Any era of revolution begins with hardship. Times when all that’s left is the bones of the before to forge into the future. There was something tide-turning about today’s autumn winter ’19 show from Marc Jacobs. A collection that bore the impression of melancholy couture, yet also of a delicate, definitive individualism. “She is a fallen angel, but she is still an angel” said Jacobs in response. An image of the woman for whom he is conjuring, or a piece of existential introspection?
It was only two years ago that Bernard Arnault (chief executive of LVMH – the parent company who owns a major stake in Marc Jacobs) lamented that he was “more concerned about Marc Jacobs than the US president”. And likely, Jacobs himself was just as concerned. He had been quoted as saying he felt increasingly out of touch with what customers want these days. A depressing notion from the darling of New York, the man who was renowned for sparking the original joy in fashion. The devil-may-care designer who took risks like they were sugar pills and delivered wild collections with reckless energy. During the 90s and into the 00s his zeitgeist was undeniable. Regularly, the word “It” was fastened to the names of his latest creations. But in seasons post 2014 (the same year he left his tenure as creative director at Louis Vuitton), something changed. Critics began dropping stars from their reviews, reluctantly agreeing that current collections were feeling disconnected and disenchanted. Rumours of erratic behaviour, personally and professionally, swirled. The “old” Marc was disappearing.
But then, that’s the thing about falling from grace. While the fall might be turbulent, the landing is inevitable. One has no choice but to relish in re-evaluation. Or, in the case of fashion, downsize and get back to basics. For Marc Jacobs, and for LVMH at least, saving this label meant stripping it right back. Rumours of mass downturn (one report from last year estimated the label was losing over US$61million annually) meant closed stores, folded diffusion labels, staff overhauls and a closed menswear sector. Marc Jacobs is now as small as it has ever been. But from this pruning, some small blooms. LVMH has stated that they’re already impressed with Jacobs’ turnaround. As we’ve seen with many before, any label can be revitalised with the right direction.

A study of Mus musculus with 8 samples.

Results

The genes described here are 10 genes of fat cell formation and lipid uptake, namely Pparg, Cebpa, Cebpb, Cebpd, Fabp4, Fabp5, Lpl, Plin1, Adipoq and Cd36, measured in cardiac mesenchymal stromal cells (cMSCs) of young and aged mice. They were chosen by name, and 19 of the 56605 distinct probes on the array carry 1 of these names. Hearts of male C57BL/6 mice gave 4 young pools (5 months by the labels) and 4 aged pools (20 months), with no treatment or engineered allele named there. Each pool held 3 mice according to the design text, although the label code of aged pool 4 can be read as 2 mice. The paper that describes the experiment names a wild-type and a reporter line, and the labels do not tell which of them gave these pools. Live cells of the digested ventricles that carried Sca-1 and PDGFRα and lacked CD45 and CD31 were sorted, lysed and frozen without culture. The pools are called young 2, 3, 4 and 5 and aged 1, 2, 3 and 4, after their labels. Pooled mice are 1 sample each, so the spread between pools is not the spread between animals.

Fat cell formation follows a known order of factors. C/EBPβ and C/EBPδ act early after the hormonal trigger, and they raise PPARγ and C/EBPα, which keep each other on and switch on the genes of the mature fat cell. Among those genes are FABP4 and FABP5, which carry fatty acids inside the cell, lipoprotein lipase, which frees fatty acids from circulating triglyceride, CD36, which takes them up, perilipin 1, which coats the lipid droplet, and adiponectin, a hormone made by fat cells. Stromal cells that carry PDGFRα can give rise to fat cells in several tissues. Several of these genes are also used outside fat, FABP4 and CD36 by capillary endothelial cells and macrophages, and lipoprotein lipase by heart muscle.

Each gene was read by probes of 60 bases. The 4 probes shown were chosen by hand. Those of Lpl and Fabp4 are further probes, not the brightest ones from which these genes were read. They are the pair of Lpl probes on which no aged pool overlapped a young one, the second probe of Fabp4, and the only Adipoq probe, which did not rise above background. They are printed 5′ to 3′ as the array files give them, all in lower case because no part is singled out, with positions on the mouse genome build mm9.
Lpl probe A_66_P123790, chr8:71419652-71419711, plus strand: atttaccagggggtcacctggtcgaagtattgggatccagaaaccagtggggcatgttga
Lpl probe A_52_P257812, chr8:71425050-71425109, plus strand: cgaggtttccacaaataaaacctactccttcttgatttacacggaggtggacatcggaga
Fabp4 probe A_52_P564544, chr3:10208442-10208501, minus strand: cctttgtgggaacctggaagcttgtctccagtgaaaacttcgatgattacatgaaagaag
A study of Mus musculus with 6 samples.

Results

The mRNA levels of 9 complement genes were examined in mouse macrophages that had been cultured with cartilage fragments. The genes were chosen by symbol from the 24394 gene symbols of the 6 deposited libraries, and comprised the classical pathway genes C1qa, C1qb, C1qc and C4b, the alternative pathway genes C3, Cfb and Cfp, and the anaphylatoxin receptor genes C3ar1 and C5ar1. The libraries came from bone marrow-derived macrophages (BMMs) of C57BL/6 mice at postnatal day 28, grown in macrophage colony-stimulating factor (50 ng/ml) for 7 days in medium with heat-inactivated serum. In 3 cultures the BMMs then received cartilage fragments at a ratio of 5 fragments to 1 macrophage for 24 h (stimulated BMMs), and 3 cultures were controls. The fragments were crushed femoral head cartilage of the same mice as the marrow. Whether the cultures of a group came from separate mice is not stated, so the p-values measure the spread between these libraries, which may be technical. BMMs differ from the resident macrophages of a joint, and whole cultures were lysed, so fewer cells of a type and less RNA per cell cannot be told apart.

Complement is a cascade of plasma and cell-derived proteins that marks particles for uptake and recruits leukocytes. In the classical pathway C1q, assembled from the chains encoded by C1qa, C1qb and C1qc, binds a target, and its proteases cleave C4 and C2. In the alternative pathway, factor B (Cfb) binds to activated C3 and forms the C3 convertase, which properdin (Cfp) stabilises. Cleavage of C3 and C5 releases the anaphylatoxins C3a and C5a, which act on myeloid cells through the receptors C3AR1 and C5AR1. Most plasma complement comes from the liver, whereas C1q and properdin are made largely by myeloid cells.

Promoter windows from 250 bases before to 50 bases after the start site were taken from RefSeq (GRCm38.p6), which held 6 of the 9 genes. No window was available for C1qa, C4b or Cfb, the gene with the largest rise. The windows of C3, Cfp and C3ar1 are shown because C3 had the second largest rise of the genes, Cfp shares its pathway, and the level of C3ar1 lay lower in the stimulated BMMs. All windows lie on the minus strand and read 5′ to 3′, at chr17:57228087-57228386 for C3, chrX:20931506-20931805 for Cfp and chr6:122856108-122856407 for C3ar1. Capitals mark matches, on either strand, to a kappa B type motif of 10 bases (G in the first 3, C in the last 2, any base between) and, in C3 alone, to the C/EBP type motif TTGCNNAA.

In a sequel of sorts to his show this time last year (which one critic likened to a funeral) Jacobs once again presented his autumn winter collection via an ominously dimmed runway at the Park Avenue Armoury. Last year, copious volume was his flavour, but despite is originality, its result was more disturbing than chic. The mega coats with comically wide shoulders were more David Lynch than Sofia Coppola. Today, volume played again but this time with a viable sense of belonging. Oversized trapeze dresses with dramatized frilly collars created a silhouette suitable for the current conservative micro-trend (labels like Batsheva have been creating traditional prairie dresses with cult-like success). Larger coats in tweeds exaggerated models’ frames (who included Gigi Hadid, Kaia Gerber and Aduk Akech) while drastic winter capes continued the theatrical overtones. Civil War America seemed an inspiration by era, what with all the ruffling, the ballooned sleeves and the pointy beanies playing into somewhat of a bonnet figure. Yet it was texture, in its grand uniqueness, that played muse to Jacobs’ theme of remarkable individuality. Be it the hoards of organza petals or the sheened, glittering herringbones or the excessive layers of bower-type feathers, there was no storyline by way of fabrication, each garment, each look was designed to be as unique as the woman wearing it. When the models took the runway in a cascading finale, it viewed as an exhibition of considered couture, not a collection of fleeting ready-to-wear.
As the Marc Jacobs show rounded out New York Fashion Week today, news quickly spread of its unparalleled mic-drop. Christy Turlington had returned to the runway for the first time in 20 years. Donning a feathered black gown contrasted by a stripped-back, make-up-less face, the supermodel elevated the finale to an appropriate level of resolution. That out of the darkness, a new era was emerging. It was a feeling of familiarity. Of irrevocable support. Of a homecoming. And what a beautifully fitting tribute.